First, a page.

Buy a Guinness in Coho Theater’s lobby before entering the intimately-lit set of Two Pints, and when you find yourself facing a flawless facsimile of an Irish pub, watching a barkeep glide by with a rag and tray of glasses—well, you get the point. You're there. You're in the audience, but you're also in a pub with two old Irish guys. To be honest, this would all happen even if you don't buy a Guinness, but it helps.
Two Pints is Third Rail Repertory Theatre's season opener, and the first in a pair of two-hander plays—the next of which, Sanctuary City, promises to explore a relationship between two friends who are both undocumented immigrants. The season closer, Middletown Mall, expands the dual dynamic into four friends before a karaoke contest. Third Rail especially seems to consider their season as a whole, so it's worth acknowledging this possible season-long arc of duality. The company's managing artistic director Maureen Porter described the upcoming season in Two Pints' playbill, writing, "at the core of each play is friendship."
Two-character plays have a reputation for intensity and heavy emphasis on dialogue over action. They make great sense for arts institutions in unstable times, provided you can find actors good enough to carry them off. Bruce Burkhartsmeier and Mike O’Connell—whose characters are never named in the play, but credited as One and Two in the program—carry this gorgeous little diptych nicely. Through them, the play shows where these men's souls live and what they're like when the masks are down (Guinness helps), and it doesn’t need Monday-night football or shoot-'em-up action to show it.
Everything unspools between the two old friends fretting over problems as different as a car-park ticket that won’t work and the final words of a dying father. These characters descend from Beckett’s classic clowns, Vladimir and Estragon, and they do credit to the tragic, side-splitting comedy of their kind.
One struggles, knowing his father lies mortally ill in a hospital near the pub. Two, we think, may need peace and respite from his wife. They agitate important stuff: What does the leather on a gearshift feel like? (Don’t ask.) Are women different because they don’t have tonsils? Which cancer gives the best social cachet? Is this how we slide into aging? Why did German scientists, of all people, have to prove the existence of an afterlife?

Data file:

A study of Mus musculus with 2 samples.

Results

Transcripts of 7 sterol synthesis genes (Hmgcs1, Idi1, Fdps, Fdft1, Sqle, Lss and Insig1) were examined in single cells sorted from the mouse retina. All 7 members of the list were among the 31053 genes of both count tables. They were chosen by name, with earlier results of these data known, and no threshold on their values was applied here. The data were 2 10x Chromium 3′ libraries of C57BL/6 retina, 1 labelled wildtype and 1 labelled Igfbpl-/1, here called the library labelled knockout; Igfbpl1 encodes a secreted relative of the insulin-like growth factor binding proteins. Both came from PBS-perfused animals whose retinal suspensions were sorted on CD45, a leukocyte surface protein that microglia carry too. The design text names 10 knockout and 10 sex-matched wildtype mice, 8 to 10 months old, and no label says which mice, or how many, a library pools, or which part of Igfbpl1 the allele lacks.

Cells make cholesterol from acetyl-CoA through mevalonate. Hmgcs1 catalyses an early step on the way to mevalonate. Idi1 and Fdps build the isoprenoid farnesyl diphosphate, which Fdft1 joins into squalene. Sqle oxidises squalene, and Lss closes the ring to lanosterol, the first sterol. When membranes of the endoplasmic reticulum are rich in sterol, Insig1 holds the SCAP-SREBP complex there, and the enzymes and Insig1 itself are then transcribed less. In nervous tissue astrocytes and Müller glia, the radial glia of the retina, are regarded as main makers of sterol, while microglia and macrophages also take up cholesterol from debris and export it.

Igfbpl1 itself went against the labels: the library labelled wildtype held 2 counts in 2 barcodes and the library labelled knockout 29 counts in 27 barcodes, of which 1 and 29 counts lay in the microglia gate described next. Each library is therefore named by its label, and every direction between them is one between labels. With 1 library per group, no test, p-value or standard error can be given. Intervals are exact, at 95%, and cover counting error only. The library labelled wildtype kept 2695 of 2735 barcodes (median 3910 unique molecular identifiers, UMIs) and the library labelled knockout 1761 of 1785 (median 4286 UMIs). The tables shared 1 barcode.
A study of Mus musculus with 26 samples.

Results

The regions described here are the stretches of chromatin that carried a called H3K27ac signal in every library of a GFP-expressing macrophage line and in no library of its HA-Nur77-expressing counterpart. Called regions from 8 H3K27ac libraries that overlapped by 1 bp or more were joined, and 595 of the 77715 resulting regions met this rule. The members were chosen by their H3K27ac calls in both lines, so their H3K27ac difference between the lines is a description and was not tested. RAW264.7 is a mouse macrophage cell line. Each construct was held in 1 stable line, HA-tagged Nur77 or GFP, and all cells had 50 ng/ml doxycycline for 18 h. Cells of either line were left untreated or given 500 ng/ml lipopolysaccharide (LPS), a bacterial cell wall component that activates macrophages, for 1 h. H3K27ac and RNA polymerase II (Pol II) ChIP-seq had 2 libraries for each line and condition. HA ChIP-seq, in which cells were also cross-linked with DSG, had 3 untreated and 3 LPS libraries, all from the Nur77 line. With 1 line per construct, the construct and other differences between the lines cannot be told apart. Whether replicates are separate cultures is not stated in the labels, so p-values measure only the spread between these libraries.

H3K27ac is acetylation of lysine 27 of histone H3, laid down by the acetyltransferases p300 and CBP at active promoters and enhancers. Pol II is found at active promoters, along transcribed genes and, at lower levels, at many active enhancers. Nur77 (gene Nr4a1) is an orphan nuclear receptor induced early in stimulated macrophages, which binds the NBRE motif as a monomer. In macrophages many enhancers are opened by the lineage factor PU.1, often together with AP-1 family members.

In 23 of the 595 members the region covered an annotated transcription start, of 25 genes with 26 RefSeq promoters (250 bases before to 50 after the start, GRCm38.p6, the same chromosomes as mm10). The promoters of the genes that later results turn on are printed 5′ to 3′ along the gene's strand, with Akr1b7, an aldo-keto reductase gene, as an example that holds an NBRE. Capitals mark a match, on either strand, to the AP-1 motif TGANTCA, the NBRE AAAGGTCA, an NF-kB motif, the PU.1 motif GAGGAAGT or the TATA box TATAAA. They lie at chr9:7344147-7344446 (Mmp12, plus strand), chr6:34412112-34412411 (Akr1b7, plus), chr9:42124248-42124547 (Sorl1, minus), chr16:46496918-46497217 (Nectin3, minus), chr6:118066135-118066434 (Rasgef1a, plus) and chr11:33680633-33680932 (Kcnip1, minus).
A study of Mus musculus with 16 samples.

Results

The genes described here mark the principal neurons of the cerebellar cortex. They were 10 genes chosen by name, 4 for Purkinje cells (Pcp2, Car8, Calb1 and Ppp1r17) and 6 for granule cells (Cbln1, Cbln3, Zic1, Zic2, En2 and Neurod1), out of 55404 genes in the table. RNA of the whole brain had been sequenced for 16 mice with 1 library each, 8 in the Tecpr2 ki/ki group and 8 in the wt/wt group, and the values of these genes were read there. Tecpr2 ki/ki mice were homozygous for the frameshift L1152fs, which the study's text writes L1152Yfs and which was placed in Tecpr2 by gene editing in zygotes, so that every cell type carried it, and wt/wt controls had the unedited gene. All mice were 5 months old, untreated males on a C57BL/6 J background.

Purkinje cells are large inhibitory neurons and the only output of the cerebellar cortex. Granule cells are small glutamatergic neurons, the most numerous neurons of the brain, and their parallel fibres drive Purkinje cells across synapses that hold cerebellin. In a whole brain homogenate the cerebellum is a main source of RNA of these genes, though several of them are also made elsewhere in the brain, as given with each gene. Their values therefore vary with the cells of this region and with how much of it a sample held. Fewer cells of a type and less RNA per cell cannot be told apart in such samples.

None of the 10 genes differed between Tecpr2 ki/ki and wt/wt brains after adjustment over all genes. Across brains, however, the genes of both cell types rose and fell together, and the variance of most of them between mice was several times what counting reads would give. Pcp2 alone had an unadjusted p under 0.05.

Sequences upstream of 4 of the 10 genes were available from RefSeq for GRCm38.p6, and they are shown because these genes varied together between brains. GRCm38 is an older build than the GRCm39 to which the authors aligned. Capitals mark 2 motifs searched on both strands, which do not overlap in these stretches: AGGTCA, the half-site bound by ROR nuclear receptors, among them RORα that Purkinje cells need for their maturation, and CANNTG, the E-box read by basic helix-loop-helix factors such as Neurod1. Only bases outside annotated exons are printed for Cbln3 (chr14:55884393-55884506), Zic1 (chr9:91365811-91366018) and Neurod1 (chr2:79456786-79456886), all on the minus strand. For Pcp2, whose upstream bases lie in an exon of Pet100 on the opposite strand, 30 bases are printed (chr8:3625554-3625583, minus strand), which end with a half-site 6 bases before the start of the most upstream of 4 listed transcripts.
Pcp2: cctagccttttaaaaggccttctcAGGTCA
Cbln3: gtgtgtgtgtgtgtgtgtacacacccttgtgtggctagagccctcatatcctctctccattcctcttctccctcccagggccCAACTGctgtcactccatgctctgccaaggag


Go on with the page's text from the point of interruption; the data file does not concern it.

Presented as three "rounds," Two Pints makes use of two short intermissions instead of one. The play's first round is well-crafted stand-up. A joke begins, is artfully concealed, and nails you at the end. While the words come from Irish novelist and playwright Roddy Doyle, the masterful timing, pacing, and narrative arc belong to the production's director Scott Yarbrough, who incidentally doubles as the silent barkeep.
The second round reveals a darker side, mostly from One. He rails against scientists who label three pints in one sitting is a binge, saying, "I’ve been on a binge since 1979." Then he attacks doctors: "They’ll always be the doctors, and we’ll always be the patients." One’s sorrow for his invisible father calls to mind Estragon’s nightly beatings in Waiting for Godot. O’Connell’s perfect bodily and facial Irish-isms are the clown counterbalance to Burkhartsmeier’s darkness. When O’Connell tucks in his chin and leans back with his upper body, you are at once in the presence of every Irishman you’ve ever known.
In the final round, the work's long comic arc returns, but the gloves are now off. Each man reveals the most painful moment of his life (Non-spoiler: For once, it isn’t priests). There's wrestling with the afterlife—both what one has to do to get there and what is lost.
This play is deeply successful—from its written conception to its staging and presentation to its unsurpassed acting. Go see it in the tiny, comfortable Coho Theatre space. Buy a Guinness at the counter to sip along with the two guys at the bar.